When most people hear the word “tesla,” they probably think of an electric car or maybe its brilliant namesake, Nikola Tesla, who invented alternating current and designed the hydroelectric power plant at Niagara Falls. But in the world of imaging technology, a “tesla” (T) is a unit of magnetic flux density, which is responsible for the detail and clarity of a magnetic resonance image (MRI).
MRIs are especially useful for looking at soft internal tissues, unlike X-rays or CT scans. MRIs are used for imaging throughout the body, including the brain, eyes, spine, nerves, joints, blood vessels, and organs. The higher the tesla rating, the sharper and clearer the resulting images of these body parts, so the examining doctor can see tinier details. A higher-rated scanner will also scan the same resolution faster than one with a lower rating.
Most routine MRIs are performed using 1.5T scanners today. These scanners are still the industry standard, but as technology improves, we can see what 1.5T misses. Imaging can be done at 3T now, which can show details in the brain as small as a millimeter. Some scanners go to 7T, even 10T. And 1.5T scans sometimes must be retaken at extra cost, not to mention the time wasted, to capture an image that a machine with a higher rating would have picked up the first time.
Imaging makes up an important part of the specialty network pie. MRIs can be costly due to the powerful magnets they use, the complexity of their setup, and the highly trained technicians these procedures require. Naturally, insurance claim adjusters are anxious to limit unnecessary costs, from duplicate scans to overlooking something important due to an unclear image. Better resolutions of machines with higher tesla ratings mean that doctors can see nascent tumors or lesions that could be missed at 1.5T or below. So why aren’t more imaging providers using these faster, better scanners?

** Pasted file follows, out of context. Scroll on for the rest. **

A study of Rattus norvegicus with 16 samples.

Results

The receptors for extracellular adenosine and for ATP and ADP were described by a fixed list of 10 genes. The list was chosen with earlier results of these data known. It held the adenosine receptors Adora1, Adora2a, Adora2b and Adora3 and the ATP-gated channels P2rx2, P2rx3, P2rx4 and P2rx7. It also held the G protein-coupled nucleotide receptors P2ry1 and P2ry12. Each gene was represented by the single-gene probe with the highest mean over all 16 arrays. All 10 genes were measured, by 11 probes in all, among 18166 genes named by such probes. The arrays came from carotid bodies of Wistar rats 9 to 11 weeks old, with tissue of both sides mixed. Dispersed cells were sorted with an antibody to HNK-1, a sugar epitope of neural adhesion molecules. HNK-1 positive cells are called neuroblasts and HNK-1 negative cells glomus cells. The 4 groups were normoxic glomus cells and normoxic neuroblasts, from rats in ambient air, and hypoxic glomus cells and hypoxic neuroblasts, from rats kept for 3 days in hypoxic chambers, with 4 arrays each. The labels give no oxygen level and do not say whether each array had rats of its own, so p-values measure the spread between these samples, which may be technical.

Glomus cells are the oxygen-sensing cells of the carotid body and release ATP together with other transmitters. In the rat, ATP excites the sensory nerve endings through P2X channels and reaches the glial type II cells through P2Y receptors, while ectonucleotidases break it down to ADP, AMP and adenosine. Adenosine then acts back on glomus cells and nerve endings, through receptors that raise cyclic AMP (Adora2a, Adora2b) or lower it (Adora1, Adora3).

The main reason is cost. The price of a 1.5T machine ranges from hundreds of thousands to millions of dollars. 3T technology costs dramatically more, not only for the scanner itself but also the upgrade of accompanying equipment and surrounding room(s) to withstand their proximity to the powerful magnetic field.
In 2017, at the University of Minnesota’s Center for Magnetic Resonance Research, a patient’s hips were studied using a 10T scanner, resulting in images of unparalleled clarity and detail. The machine cost upwards of $14 million, weighed more than 100 tons, and went through months of animal testing before being approved for use on humans. Larger medical centers that are dedicated to teaching or research, like the University of Minnesota, are more likely to have the funds to invest in newer technology to diagnose illnesses and injuries.
There are other reasons to swap out older MRI technology. Some facilities are upgrading to larger machines to better accommodate obese patients, or to scanners that are open on the sides to combat claustrophobia. In these cases, it can be easier to justify the cost of a large-scale renovation. For smaller facilities and providers, the price is prohibitive, so 1.5T will remain good enough for now.
The safety of higher resolution scanners is a factor too. The physical effects of being around higher tesla magnets are still being examined; for instance, 3T machines are dangerous to pregnant patients or people with metal in their bodies, such as implants. Meanwhile, there are limited medical trials being conducted by medical centers around the country because higher-tesla machines are not yet in high demand. But as time passes and technology continues to progress, we will likely see more advancements in this quickly developing field.